COMMON PITFALL #1: COMPARING WELDING MACHINES BASED SOLELY ON THEIR MODEL NAMES.
Some manufacturers sidestep the IEC formula and give a name to their equipment based on an unrealistic amperage. This can steer customers into making misguided decision, which will negatively affect their ability to perform the job. When shopping for a welder, what really matters is the true welding output and horsepower. Make sure to look beyond the product name and compare the specifications of competing machines that can be found in product literature or owner’s manuals.
It’s best to compare the IEC rating of each machine. Sometimes the current ratings of two machines will match, but the voltage or duty cycles will differ. Higher voltages, duty cycles, and horsepower mean more output.
Lincoln Electric helps to eliminates this confusion by naming its Vantage® machines according to the IEC amperage class and horsepower. This gives the customer a clearer sense of what they’re getting, and ensures that they’re getting what he or she’s paying for. Further, Lincoln Electric’s Vantage engine-driven welder includes a nameplate that lists the duty cycle of the machine to help prevent confusion.
Auxiliary Output It’s also important to consider your auxiliary power needs. Engine welders also generate auxiliary (AC) power that can be used to run lights, pumps, power tools and other devices. As with welding output, it’s important to review machine specifications closely to ensure a true comparison. The two ratings often used for auxiliary power are peak power and continuous power.
COMMON PITFALL #2: NOT COMPARING AUXILIARY POWER CORRECTLY
Peak, continuous, three phase, single phase, with so many different types and ways to rate the auxiliary (AC) output of your machine, it can get very confusing. Here are a few things to remember that will help you get the amount of power you need.
PEAK POWER VS. CONTINUOUS POWER
The peak power will always be higher than continuous power, but can only be sustained for a short time (about 30 seconds or less). Peak power is needed for certain applications, such as starting pumps or other inductive loads, which can require a large in-rush current to get running After that initial surge, it settles into the lower, continuous power rating. Continuous power is the power available at a 100% duty cycle.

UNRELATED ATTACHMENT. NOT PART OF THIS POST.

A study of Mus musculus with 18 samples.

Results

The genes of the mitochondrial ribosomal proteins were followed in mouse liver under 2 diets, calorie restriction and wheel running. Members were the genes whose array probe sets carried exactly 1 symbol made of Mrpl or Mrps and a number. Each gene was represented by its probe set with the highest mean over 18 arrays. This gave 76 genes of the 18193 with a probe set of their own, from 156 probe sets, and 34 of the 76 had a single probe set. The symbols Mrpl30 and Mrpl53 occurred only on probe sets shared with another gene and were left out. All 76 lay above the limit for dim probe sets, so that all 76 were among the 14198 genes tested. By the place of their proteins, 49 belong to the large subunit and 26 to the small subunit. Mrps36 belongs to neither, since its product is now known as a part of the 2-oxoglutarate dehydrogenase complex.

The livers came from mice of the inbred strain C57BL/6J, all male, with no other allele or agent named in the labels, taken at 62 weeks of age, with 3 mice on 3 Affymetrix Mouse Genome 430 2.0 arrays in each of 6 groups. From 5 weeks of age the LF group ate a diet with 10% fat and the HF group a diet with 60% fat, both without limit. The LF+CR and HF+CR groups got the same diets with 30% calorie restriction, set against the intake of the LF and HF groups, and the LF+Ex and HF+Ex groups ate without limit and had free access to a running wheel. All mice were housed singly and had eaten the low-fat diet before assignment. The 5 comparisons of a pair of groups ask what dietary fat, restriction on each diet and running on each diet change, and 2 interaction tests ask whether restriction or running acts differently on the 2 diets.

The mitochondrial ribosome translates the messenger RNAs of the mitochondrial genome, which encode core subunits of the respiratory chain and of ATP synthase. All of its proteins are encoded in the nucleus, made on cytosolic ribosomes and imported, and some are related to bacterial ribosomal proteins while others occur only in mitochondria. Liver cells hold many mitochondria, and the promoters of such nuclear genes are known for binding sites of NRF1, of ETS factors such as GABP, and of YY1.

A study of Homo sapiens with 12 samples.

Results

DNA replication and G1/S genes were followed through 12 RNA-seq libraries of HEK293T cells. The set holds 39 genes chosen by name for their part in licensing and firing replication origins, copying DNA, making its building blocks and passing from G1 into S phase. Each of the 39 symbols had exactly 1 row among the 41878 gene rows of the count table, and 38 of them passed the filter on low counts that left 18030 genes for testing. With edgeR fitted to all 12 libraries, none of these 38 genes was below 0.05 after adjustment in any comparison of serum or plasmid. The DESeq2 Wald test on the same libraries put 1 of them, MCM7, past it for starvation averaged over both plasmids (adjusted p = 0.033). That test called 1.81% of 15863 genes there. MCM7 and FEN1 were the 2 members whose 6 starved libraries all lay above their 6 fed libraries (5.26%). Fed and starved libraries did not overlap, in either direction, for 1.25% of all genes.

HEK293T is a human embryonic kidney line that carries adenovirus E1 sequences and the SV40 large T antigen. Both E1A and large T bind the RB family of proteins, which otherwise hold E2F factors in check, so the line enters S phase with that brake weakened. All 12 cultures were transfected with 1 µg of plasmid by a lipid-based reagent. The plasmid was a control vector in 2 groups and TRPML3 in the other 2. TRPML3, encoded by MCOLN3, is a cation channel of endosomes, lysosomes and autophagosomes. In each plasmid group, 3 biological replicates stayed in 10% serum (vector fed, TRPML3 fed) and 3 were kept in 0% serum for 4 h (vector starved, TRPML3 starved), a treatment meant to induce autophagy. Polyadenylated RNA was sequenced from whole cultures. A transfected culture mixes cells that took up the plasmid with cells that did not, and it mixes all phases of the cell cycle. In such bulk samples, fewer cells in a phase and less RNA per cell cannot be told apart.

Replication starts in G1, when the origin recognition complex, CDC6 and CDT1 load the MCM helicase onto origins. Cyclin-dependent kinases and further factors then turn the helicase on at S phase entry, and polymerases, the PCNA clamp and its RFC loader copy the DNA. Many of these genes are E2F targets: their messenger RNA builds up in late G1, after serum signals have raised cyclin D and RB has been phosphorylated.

Always be sure you are comparing peak ratings to peak ratings and continuous rating to continuous ratings.
SINGLE-PHASE VS. THREE-PHASE
Single- and three-phase auxiliary power are fundamentally different due to the design of the AC circuit. As a result, these two types of output cannot be directly compared. More importantly, jobsite tools may require one over the other. For example, most hand-held tools are single-phase, while many pumps, welders and plasma cutters require three-phase power. Furthermore, the available three-phase power will be higher than the available single-phase power.
Once again, be certain to compare available three-phase with three-phase, and single-phase with single-phase.
SIMULTANEOUS WELDING AND AUXILIARY POWER
Just like the weld output ratings, the auxiliary power ratings are the maximum output the machine can give you. These machines are designed to provide both auxiliary and weld output at the same time, but there is some give and take. The following table is an example of this.
As you can see, when you increase the weld output the available auxiliary power decreases, and vice versa. It is important to understand the needs of your jobsite and application before you buy or rent.
Finally, depending on the machine’s available auxiliary output, it is possible to run a second operator by plugging in an inverter-style welder to provide two arcs simultaneously. For example, a diesel-driven Vantage 549X can power a Flextec 350X PowerConnect inverter welder.
There are multiple engines available in the same amperage class. This is another important consideration in the buying process. Engine service networks can vary by location, so for maintenance reasons, you’ll want to consider an engine manufacturer that has a presence in your area. Also, you can streamline your maintenance operations by having the same engine manufacturer throughout your fleet: welders, lifts, tow motors, etc.
While all machines offer welding and auxiliary output, some machines offer additional functionality to maximize their versatility on the job site. Lincoln Electric offers engine-driven welders with integrated air compressors, hydraulic pumps and battery jump-start terminals. This can save space on your truck or job site, by combining multiple functions into one piece of equipment. Another great benefit is that you will not have to run cranes or tools off your truck engine, saving fuel and reducing wear and tear on the truck engine. It is especially useful in areas where vehicle engine idling is restricted.
With so many engine-driven welders available on the market, it’s easy to get overwhelmed. Remember to keep the process simple by focusing on the five primary considerations outlined above: fuel type, welding output/duty cycle, auxiliary power output, the engine manufacturer and additional functionality. Don’t be confused by product names that can sometimes be intentionally misleading. All the information you need can be found on the product specification sheet or owner’s manual. Just look over the documentation and buy what you need.